Proposal Title

Cross-Cultural and Cross-Generational Service-Learning in Belize

Proposal Abstract

This poster illustrates the service-learning goals of a cross-cultural and cross-generational study abroad program to Belize. The 3 partners in this alternative spring break program included faculty and students from a state university; students and staff from a Spanish Nazarene school/church in Belize; and a group of individuals sponsored by two churches in the university’s community. The unique church/state partnership and the relationships that developed among the leaders from these 3 institutions have produced a rich, positive learning experience. Trust and willingness to acknowledge expertise among the leaders contributed to overall group cohesiveness.

Preliminary research based on written reflections from the university students and discussions among the U.S. church members indicates that learning happened in reciprocal ways. First, with a variety of mentors from the local church, university students were able to identify different qualities and types of leadership skills within the group. Second, the adult participants from the churches observed and learned to appreciate the work ethic and character of university students who embrace service-learning.

The Belize service projects helped the school move toward sustainable agriculture education. The service-learners recognized the value of culturally and geographically appropriate solutions.

Location

Rooms 113 & 115

Publication Type and Release Option

Presentation (Open Access)


Cross-Cultural and Cross-Generational Service-Learning in Belize

Rooms 113 & 115

This poster illustrates the service-learning goals of a cross-cultural and cross-generational study abroad program to Belize. The 3 partners in this alternative spring break program included faculty and students from a state university; students and staff from a Spanish Nazarene school/church in Belize; and a group of individuals sponsored by two churches in the university’s community. The unique church/state partnership and the relationships that developed among the leaders from these 3 institutions have produced a rich, positive learning experience. Trust and willingness to acknowledge expertise among the leaders contributed to overall group cohesiveness.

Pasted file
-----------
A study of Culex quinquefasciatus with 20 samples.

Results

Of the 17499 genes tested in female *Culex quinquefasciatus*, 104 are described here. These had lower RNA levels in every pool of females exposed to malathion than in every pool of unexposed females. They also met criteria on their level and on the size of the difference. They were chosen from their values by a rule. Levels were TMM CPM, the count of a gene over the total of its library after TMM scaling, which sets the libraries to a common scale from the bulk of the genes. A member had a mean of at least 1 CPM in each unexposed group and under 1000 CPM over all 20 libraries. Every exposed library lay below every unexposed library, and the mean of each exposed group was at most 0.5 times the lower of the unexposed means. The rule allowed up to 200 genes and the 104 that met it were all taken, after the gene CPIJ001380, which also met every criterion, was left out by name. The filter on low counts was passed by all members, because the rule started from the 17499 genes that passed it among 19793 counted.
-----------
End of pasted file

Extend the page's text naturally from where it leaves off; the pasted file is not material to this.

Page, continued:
Preliminary research based on written reflections from the university students and discussions among the U.S. church members indicates that learning happened in reciprocal ways. First, with a variety of mentors from the local church, university students were able to identify different qualities and types of leadership skills within the group. Second, the adult participants from the churches observed and learned to appreciate the work ethic and character of university students who embrace service-learning.

The Belize service projects helped the school move toward sustainable agriculture education. The service-learners recognized the value of culturally and geographically appropriate solutions.